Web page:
U.S. Pushes for More Bases to Fight ISIS in Iraq

It’s another indication that the U.S. military is increasingly conducting offensive operations even though President Obama has never publicly acknowledged the U.S. is back at war.


Troops at up to three temporary bases, on the north-south route from central Iraq to the northern city of Mosul, would advise Iraqi security forces, provide logistical support so Iraqi troops can move toward Mosul and even ground base support fire, defense officials told The Daily Beast.

The movement of U.S. troops within miles of the ISIS’s Iraqi capital would be yet another indication that the American military is increasingly conducting offensive operations even though President Obama has never publicly acknowledged the U.S. is back at war in Iraq.

On Wednesday, the Pentagon began sending out signals that the U.S. role in Iraq could change, one day after the president led a meeting with his top national security advisers about the war.

In a briefing with reporters, Rear. Adm. Andrew L. Lewis, the Joint Staff’s Vice Director for Operations, said the U.S. is considering “accelerating the campaign against ISIL,” the government’s preferred acronym for the terror group.

One way, he said, would be by adding more bases.

“As Iraqi security forces progress toward isolating Mosul, there may be a situation in which there is another base,” Lewis said. “Their mission is to provide fires and support of Iraqi forces, just like we do with airplanes, just it’s surface-to-surface fires [versus] air-to-surface fires.”

The U.S. military often compares such shifts to the 20-month air campaign, in which U.S. troops launch strikes in support of local forces. But of course, ground forces are much closer to harm’s way.

Currently, near Mosul, there is one such U.S. base near the Iraqi city of Makhmour, Iraq, where roughly 200 Marines serve and where one Marine, Staff Sgt. Louis Cardin, was killed in an ISIS rocket attack. The base sits 70 miles south of Mosul and serves as a staging area for the Iraqi forces. U.S. officials renamed the base Kara Soar Counter Fire Complex after Staff Sgt. Cardin’s death.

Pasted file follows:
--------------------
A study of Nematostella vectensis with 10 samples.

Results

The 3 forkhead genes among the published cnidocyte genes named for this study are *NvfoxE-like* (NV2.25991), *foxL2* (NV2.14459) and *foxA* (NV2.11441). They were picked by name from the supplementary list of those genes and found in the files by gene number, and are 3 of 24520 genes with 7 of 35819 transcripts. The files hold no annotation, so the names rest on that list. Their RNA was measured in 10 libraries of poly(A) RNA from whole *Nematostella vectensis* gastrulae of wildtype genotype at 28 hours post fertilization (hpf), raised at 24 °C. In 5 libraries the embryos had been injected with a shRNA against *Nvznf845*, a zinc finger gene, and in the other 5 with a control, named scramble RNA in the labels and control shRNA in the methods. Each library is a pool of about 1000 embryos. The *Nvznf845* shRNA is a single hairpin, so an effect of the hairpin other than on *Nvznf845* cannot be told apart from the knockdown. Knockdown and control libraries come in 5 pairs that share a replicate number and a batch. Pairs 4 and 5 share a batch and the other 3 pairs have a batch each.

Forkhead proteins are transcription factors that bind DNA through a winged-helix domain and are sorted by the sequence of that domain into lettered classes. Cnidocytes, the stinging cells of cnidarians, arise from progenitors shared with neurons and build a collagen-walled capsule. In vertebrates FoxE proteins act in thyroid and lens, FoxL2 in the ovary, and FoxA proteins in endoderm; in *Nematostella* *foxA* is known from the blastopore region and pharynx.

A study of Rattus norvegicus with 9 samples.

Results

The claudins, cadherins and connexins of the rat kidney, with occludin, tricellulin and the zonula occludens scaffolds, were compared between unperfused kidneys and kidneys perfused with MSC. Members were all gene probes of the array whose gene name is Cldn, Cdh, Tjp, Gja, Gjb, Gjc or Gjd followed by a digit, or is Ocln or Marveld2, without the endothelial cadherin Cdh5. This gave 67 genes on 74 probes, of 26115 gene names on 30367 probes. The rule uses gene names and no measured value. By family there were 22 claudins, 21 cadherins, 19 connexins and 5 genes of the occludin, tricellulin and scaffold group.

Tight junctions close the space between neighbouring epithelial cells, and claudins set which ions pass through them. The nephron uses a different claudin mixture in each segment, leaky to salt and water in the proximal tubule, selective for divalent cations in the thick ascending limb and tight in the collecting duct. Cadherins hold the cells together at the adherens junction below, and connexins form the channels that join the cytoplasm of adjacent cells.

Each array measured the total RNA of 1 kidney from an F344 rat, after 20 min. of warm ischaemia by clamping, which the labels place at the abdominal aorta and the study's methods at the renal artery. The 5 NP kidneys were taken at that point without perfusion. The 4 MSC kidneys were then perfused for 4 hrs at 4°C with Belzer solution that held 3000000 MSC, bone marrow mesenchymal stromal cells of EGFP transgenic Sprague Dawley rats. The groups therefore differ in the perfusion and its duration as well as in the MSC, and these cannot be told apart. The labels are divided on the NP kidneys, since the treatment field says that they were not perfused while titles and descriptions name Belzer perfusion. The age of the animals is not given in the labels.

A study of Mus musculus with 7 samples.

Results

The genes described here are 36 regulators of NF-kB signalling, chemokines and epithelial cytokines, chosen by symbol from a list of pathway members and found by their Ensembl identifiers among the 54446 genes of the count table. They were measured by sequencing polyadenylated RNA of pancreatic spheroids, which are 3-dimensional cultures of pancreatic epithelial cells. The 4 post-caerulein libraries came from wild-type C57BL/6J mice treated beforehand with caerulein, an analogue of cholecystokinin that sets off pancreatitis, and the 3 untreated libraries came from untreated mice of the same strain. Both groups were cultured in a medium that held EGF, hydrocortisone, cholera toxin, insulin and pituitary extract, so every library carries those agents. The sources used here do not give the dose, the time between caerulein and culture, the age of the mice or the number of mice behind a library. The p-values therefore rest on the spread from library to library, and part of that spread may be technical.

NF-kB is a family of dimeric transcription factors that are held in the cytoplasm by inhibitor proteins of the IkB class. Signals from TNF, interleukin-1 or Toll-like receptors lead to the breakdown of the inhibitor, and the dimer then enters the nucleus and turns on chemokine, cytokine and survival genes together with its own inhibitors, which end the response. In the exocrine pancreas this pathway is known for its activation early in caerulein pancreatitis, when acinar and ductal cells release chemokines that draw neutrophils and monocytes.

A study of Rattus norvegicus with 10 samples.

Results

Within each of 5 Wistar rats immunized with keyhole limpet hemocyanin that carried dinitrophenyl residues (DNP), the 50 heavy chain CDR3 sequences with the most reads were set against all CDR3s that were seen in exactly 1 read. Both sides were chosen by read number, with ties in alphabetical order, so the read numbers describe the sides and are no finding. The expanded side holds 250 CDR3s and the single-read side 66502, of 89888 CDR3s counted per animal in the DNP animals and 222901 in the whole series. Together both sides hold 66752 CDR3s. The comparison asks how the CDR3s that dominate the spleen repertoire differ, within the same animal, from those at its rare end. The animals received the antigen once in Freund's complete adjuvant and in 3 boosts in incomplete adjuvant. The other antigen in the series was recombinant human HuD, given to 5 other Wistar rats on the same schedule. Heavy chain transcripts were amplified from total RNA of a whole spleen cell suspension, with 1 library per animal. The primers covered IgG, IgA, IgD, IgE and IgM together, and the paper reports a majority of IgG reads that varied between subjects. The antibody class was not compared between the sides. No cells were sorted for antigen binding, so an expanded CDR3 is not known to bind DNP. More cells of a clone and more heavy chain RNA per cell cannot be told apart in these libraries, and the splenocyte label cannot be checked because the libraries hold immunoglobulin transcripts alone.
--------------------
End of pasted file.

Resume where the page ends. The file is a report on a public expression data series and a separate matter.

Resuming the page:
The new name notably did not include the word “base,” as some Iraqis fear the return of any U.S. footprint that resembles the eight-year war that began with the 2003 invasion.

The U.S. military proposal to expand the number of —well, let’s call them “outposts”—is still in its preliminary stages. And it is short on the number of U.S. troops needed and how soon. Moreover, the Iraqis have yet to make significant advances toward Mosul that would demand U.S. help. They are about 65 miles away from the ISlS stronghold.

“It depends on what the Iraqis need,” one official explained.


Part of the planning challenge is that the Iraqi security forces are trying to clear a number of cities before what could be a months-long Mosul offensive. On Wednesday, the Iraqi security forces were still engaged in heavy fighting against ISIS in the central Iraqi city of Hit, in what many hope will be the final day of that fight. U.S. military officials suggested Iraqi troops could battle for the city of Fallujah next, But it remains unclear whether the Iraqi military can reclaim that many cities, hold them and still push forward into Mosul.

The Iraqi military is training the divisions that would be tasked with moving from central Iraq north toward Mosul, the defense officials said. Kurdish forces would simultaneously move east to reclaim Iraq’s second-largest city.

Up until the Marines arrived in Makhmour to support members of an Iraqi division, the Iraqis had failed to advance toward Mosul. Indeed, some Iraqi troops hid from ISIS attacks in the nearby mountains. About a week after the Marines’ arrival, the Iraqis took control of three largely abandoned villages.

It appears the Iraqi Army has since lost one of those villages, stopping their push toward Mosul.

There only are believed two such support bases in Iraq. When asked if there were any other bases than the two the U.S. military already has acknowledged, Lewis said: “Not to my knowledge.”

The U.S. could close the one other such base, al-Taqaddum, in the country’s restive Anbar province, and move it north to bolster the U.S. effort in Mosul, one of the defense officials explained.

The Obama administration already is weighing a plan to sending hundreds more Special Forces to bolster U.S. efforts to search for potential targets, according to Reuters. On Tuesday, the president met with key members of his national security team to discuss potential changes to the U.S. strategy.

In recent weeks in Syria, ISIS has lost several cities—some to Russian forces, some to Syrian government troops, and others to U.S.-backed coalition forces. The rapid succession of losses, coupled with an ISIS that eventually walked away from a fight in each city, has buoyed U.S. hopes of taking back Mosul, one of the two most important cities to ISIS’s caliphate, the other being the Syrian city of Raqqa.

The fall of Mosul “would mark the beginning of the end for ISIL,” Army Col Steven Warren, a coalition spokesman, said on CNN Wednesday.